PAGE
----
03 Jul 2024

Modifications to ptychographic technique make deeper, sharper images.

A project at Caltech has developed a route to high-resolution images of biological tissues while maintaining large field of view, in a variant of ptychographic microscopy.

Developed originally at Caltech in 2013, Fourier ptychographic microscopy (FPM) is a computational approach in which a set of full-field images acquired at different angles of illumination are synthesized into a wider numerical aperture, increasing the imaging resolution achieved.

Since then the ptychographic approach has been put to use in several ways, including as a route to lensless microscopy and for the imaging of tiny surface structures on semiconductor materials.

Some challenges have remained, however, including the technique's susceptibility to failure when dealing with excessive image aberrations, and the inherent possibility that the FPM operation never actually arrives at an optimal solution for its image reconstruction operation.

Changhuei Yang's Biophotonics Lab at Caltech has now improved matters, developing a new method that can outperform FPM in its ability to obtain images free of blurriness or distortion, while taking fewer measurements.

Published in Nature Communications, the APIC (for Angular Ptychographic Imaging with Closed-form) method could be valuable in areas like biomedical imaging, digital pathology and drug screening, according to Caltech.

"APIC has all the advantages of FPM without what could be described as its biggest weakness - namely that to arrive at a final image the FPM algorithm relies on starting at one or several best guesses, and then adjusting a bit at a time to arrive at its 'optimal' solution, which may not always be true to the original image," commented Caltech.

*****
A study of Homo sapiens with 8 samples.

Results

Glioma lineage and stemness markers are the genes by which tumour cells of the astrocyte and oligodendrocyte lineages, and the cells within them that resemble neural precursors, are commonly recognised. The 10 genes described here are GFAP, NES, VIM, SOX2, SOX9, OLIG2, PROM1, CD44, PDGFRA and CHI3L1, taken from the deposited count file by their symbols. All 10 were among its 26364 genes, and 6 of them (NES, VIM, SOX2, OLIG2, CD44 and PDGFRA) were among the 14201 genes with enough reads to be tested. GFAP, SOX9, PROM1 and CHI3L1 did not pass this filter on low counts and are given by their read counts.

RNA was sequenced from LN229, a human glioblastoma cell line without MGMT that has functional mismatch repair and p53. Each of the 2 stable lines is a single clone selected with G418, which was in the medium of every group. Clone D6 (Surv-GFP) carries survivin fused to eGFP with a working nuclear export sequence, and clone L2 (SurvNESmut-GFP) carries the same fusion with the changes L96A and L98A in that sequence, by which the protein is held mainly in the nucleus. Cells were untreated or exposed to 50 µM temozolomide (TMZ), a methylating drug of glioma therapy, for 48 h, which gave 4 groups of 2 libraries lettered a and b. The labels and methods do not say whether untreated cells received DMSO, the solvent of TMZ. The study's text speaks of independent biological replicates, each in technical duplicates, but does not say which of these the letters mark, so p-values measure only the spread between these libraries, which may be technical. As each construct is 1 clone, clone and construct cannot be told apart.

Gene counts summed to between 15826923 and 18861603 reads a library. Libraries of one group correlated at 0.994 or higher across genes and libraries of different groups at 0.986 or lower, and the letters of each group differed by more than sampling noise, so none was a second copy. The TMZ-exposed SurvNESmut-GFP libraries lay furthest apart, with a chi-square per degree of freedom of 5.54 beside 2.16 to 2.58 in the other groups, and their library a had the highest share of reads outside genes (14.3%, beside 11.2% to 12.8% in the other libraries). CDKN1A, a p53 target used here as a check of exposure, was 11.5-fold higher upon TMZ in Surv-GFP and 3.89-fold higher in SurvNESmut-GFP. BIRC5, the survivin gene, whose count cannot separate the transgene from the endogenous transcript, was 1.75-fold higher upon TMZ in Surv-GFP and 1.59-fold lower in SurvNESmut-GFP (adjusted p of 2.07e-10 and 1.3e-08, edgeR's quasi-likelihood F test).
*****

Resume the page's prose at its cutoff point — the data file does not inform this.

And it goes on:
Better assessment of cancers using AI

Previous FPM methods have based this trial and error approach on a measurement of the phase of the returning light, and used that as a measure of the aberrations being introduced. But APIC avoids this source of inaccuracy by studying just the regions where the ptychographic data sets overlap; since the legitimate sample data should be the same here, the phase differences will be down to the aberrations alone.

"We arrive at a solution of the high-resolution complex field in a closed-form fashion, as we now have a deeper understanding of what the microscope captures, what we already know, and what we need to truly figure out," said Caltech's Ruizhi Cao. "So we don't need any iteration. We can basically guarantee that we are seeing the true final details of a sample."

In trials using both synthetic targets and stained breast cancer cells, the APIC method also allowed researchers to gather clear images over a large field of view without repeatedly refocusing the microscope, something that conventional FPM requires if the height of the sample varies by even tens of microns between sections.

Since computational microscopy techniques frequently involve stitching together more than 100 lower-resolution images to piece together the larger field of view, removing this refocusing makes APIC faster and prevents the possible introduction of human error, noted Caltech.

APIC could prove vital to the broader program of work underway in Changhuei Yang's lab, which is examining how best to optimize image data for input to AI applications.

"Recently my lab showed that AI can outperform expert pathologists at predicting metastatic progression from simple histopathology slides taken from lung cancer patients," said Yang. "That prediction ability is exquisitely dependent on obtaining uniformly in-focus and high-quality microscopy images, something that APIC is highly suited for."